Jingle Bells and Christmas Bills

Casey H.

Managing Editor

It is as if there is a curtain hanging over every store in America, and the second the kids are done counting their candy on Halloween night, it goes up, revealing green and red lights and Santas eager to hear a child’s wishes and take the parents’ money. Corporations have pounced on the commercial value of Christmas, dusting off colorful trees and Black Friday sale signs. With a society run by money, it is no surprise that Thanksgiving is becoming known as the day before Black Friday, and the origins of the holiday are only represented with plastic nativity scenes.

Much of the commercialization of the beloved religious holiday can be traced back to 2008. America was emerging from an economic recession. Eager to make up for lost time, consumers went on a Christmas shopping spree that made corporate CEOs’ heads perk up. Since then, as the economy has grown even stronger, companies have lunged on the commercial opportunities that make themselves apparent in the months of gift-giving.

Ever since, department stores have started their Christmas sales as soon as they could. The objectifying of Christmas has been a long time in the making; the origins of the holiday start in Bethlehem, when Jesus of Nazareth was born. However, theologians estimate that he was born sometime in the spring, most likely April. Society has chosen to celebrate in December, a custom starting in the late 1800s, somewhat misinterpreting the true meaning of Christmas from the very beginning. Thousands of years after the birth of Christ, the holiday Christmas was created, and while it honored Jesus, there was already significant economic value for those selling candy and wooden toys.

Christmas sale CH 1Nowadays, it is not uncommon for people to groan at the thought of the holiday season. Many worry about what gifts to buy, the food they should cook, and other trivial events that seem to magnify themselves at this time of year. When asked to rate Christmas stress on a scale of one to ten, Dr. Krista Webb, an AP World History and AP US History teacher, said, “Nine. Shopping, cooking, wrapping, entertaining, all on top of my already overwhelming workload.” Many acknowledge these challenges and fret over them, and what do they turn to for relief? Christmas movies and music, yet another side effect of the corporate stronghold on the holiday.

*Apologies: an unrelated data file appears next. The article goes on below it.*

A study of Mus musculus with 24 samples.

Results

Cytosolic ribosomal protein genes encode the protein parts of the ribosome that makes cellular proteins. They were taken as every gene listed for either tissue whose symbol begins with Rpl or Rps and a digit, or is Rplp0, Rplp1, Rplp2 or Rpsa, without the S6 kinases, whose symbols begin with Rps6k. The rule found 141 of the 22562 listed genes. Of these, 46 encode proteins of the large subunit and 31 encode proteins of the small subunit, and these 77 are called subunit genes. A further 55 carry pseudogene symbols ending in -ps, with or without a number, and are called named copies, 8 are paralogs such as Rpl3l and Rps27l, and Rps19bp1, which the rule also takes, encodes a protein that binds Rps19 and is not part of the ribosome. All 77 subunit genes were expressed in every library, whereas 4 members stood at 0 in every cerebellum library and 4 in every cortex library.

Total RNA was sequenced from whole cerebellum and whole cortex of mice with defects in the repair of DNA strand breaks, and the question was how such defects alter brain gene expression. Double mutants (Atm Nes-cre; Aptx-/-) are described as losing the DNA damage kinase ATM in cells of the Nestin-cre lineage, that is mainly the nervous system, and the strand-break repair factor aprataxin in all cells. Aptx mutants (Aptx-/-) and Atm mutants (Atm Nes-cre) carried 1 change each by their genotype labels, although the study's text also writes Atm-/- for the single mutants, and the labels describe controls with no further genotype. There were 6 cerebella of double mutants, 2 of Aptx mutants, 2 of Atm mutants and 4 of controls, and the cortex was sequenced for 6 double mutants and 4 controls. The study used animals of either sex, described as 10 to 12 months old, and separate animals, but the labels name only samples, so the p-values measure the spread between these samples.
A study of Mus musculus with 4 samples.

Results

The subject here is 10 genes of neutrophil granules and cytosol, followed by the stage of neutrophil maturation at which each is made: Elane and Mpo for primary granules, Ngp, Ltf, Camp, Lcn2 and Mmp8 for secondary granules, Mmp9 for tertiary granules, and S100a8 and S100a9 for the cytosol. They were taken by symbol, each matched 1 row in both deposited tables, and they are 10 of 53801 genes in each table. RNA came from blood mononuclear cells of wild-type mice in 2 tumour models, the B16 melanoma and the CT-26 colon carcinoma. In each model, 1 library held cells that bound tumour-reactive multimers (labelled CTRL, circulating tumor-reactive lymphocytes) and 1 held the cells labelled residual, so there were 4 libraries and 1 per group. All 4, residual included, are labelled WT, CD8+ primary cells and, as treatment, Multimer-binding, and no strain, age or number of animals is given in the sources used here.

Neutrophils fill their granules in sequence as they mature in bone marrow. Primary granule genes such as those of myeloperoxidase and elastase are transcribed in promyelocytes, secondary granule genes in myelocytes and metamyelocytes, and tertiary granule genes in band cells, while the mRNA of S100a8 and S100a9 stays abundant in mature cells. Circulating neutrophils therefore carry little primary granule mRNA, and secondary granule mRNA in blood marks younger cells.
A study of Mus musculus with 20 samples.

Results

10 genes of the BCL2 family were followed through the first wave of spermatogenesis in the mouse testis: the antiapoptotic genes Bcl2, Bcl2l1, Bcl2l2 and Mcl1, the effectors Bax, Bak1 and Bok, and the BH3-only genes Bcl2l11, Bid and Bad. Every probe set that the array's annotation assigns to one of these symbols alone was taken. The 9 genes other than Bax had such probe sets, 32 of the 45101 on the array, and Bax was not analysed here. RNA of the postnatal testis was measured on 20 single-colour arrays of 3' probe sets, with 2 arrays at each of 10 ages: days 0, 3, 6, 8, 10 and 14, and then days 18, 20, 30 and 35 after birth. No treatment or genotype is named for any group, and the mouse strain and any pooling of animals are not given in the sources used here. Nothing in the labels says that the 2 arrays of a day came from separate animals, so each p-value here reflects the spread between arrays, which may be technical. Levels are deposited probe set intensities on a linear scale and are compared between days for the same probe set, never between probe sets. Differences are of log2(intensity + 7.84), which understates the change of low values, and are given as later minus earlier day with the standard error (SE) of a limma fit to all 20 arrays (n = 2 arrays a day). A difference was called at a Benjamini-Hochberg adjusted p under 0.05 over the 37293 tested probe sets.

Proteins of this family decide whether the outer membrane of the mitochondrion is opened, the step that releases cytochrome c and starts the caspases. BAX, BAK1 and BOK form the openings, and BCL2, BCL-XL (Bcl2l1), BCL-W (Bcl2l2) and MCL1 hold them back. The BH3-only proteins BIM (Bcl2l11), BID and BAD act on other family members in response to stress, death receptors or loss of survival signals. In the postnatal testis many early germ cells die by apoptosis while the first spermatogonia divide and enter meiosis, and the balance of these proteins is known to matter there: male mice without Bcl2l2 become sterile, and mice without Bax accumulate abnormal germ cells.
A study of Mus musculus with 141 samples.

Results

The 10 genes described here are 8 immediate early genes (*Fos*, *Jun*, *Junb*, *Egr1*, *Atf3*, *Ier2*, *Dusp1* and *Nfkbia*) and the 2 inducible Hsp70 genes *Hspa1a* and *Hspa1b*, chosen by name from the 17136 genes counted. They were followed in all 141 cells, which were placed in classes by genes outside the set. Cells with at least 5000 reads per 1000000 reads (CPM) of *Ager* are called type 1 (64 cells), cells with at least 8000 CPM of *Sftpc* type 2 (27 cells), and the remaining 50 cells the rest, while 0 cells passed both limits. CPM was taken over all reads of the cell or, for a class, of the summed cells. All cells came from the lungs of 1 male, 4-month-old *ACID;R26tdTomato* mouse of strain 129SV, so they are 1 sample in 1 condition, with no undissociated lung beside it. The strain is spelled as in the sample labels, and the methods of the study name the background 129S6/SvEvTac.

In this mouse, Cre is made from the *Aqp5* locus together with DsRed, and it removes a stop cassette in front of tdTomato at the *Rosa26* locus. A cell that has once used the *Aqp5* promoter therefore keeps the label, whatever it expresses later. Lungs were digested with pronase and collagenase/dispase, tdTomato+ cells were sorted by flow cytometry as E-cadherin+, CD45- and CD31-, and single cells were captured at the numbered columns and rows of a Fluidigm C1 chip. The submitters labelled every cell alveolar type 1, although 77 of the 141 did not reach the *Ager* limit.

Tying back to the religious themes, Christmas celebrates the birth of Jesus, which for Christians symbolizes hope, joy, peace, and love. These are the foundations of the so-called “Christmas spirit.” However, there is hardly any peace or love in the modern, hectic celebration. Senior Duncan Jones says of the holiday season, “I celebrate Christmas not because I am religious, but because I like getting presents.” This has not gone unnoticed, as it is pointed out in such classics as Merry Christmas, Charlie Brown and How the Grinch Stole Christmas, especially the famous monologue given by Linus in the Peanuts favorite: “And suddenly, there was with the angel a multitude of the Heavenly Host praising God, and saying, ‘Glory to God in the Highest, and on Earth peace, and good will toward men.’ That’s what Christmas is all about, Charlie Brown.” Even if someone is not religious, these classic themes are encouraging and make Christmas more bearable, if they are remembered.

This is a common problem with all religious holidays that has made itself evident as partying becomes popular and the media’s influence grows. For instance, the Islamic month of fasting, Ramadan, has transformed into a cycle of chaste daytime activities and gluttonous celebrations after the sun goes down. Stressful Christmas shopping and feasting leaks into Hanukkah, with its eight days of presents and family dinners. It has grown increasingly difficult to dig out the common themes that most look for in any religious holiday, not just Christmas, beneath all the stress and consequent stress relief that follows.

Contrary to popular belief, there was never the “good old days of Christmas.” Since the beginning of its celebration, commercialization and stress have manifested themselves, and it is not likely that such things will ever go away. Therefore, it is important to remember a holiday’s roots and to try to derive whatever seems missing from there. Christmas is about hope and joy; Hanukkah is about thankfulness; Ramadan is about contemplation. Anyone lost in the Christmas hustle and bustle, or any other hustle and bustle, should turn to these themes. Focusing on them, it is easy to get into the Christmas spirit.